Saturday, 19 August, 10:15 - 11:15 AM (CEST)
Since the mid-1990s, Claus Stolz has been developing special photo-artistic processes.
For his heliographs, Stolz points his recording equipment, equipped with huge converging lenses, directly into the sun and damages film or photographic plates by extreme overexposure. The radiation energy causes the material to bubble, burst, melt or crystallise. The results depend on the type of film used, the shooting and processing parameters.
Stolz's group of works of light pictures shows old, photographically reproduced photographic plates, whose backside halo protection layer often has a special painterly appearance, which is not visible when processed properly. A material-historical search for traces.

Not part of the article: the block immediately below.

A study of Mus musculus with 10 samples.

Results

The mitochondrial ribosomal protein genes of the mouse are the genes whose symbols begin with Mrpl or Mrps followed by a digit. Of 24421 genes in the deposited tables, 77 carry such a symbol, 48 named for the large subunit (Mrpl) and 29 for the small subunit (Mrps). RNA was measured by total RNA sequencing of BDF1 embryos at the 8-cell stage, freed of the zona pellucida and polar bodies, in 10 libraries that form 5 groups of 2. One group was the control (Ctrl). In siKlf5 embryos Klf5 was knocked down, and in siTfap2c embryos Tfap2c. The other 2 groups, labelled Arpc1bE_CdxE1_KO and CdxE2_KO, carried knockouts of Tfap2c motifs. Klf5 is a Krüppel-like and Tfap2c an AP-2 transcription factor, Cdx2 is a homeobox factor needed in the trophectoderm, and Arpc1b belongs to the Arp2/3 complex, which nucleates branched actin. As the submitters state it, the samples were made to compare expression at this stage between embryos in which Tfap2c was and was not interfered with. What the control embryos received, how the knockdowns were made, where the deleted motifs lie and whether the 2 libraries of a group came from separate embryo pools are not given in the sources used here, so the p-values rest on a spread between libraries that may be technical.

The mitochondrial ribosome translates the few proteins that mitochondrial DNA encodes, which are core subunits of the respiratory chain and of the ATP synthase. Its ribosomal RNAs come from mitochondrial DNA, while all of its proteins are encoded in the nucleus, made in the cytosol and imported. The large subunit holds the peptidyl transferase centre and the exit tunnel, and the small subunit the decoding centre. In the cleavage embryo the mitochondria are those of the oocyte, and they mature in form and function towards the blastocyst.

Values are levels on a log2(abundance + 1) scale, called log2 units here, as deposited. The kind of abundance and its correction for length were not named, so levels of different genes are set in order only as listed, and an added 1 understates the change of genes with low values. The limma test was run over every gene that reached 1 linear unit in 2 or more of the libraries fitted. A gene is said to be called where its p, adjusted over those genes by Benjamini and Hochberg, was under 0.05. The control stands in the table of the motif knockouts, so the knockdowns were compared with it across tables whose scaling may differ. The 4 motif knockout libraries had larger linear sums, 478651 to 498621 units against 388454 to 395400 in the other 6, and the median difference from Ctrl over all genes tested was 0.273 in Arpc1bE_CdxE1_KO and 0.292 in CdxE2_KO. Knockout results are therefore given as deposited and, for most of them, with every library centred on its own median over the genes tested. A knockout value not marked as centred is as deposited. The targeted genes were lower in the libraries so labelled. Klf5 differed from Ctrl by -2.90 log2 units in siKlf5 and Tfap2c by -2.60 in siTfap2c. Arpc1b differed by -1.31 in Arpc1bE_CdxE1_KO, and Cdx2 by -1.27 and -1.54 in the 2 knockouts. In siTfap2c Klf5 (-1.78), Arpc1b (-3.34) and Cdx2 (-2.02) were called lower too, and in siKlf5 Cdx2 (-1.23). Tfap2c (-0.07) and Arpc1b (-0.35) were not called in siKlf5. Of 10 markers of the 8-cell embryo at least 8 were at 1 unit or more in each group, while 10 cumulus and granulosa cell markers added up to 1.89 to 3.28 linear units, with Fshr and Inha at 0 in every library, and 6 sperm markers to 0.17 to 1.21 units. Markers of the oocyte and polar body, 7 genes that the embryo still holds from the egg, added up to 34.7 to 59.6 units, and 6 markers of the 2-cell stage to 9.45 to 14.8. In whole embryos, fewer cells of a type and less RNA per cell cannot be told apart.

In his most recent series of works, Kammerspiel, Stolz combines grown and produced materials in diverse settings, the ephemeral with the enduring, and condenses some motifs into tableaus of fluidly merging fragments through special cross-fades. These hybrids raise the question of the extent to which the terms "real" or "fake" still play a role today.
Claus Stolz (*1963) lives and works in Mannheim. Studied at the Freie Kunstakademie Mannheim (1988-92) with Gerd Lind, Wolfang Reindel and Rolf Schneider. Exhibitions in numerous museums and institutions, including the Grassi Museum Leipzig, Photo Edition Berlin and the Museum im Kulturspeicher Würzburg. Book publications include Sunburns (2009) and Kammerspiel (2022), both published by Kehrer Verlag, Heidelberg. Since 2016 lecturer for photography and fundamentals of perception at the Freie Kunstakademie Mannheim.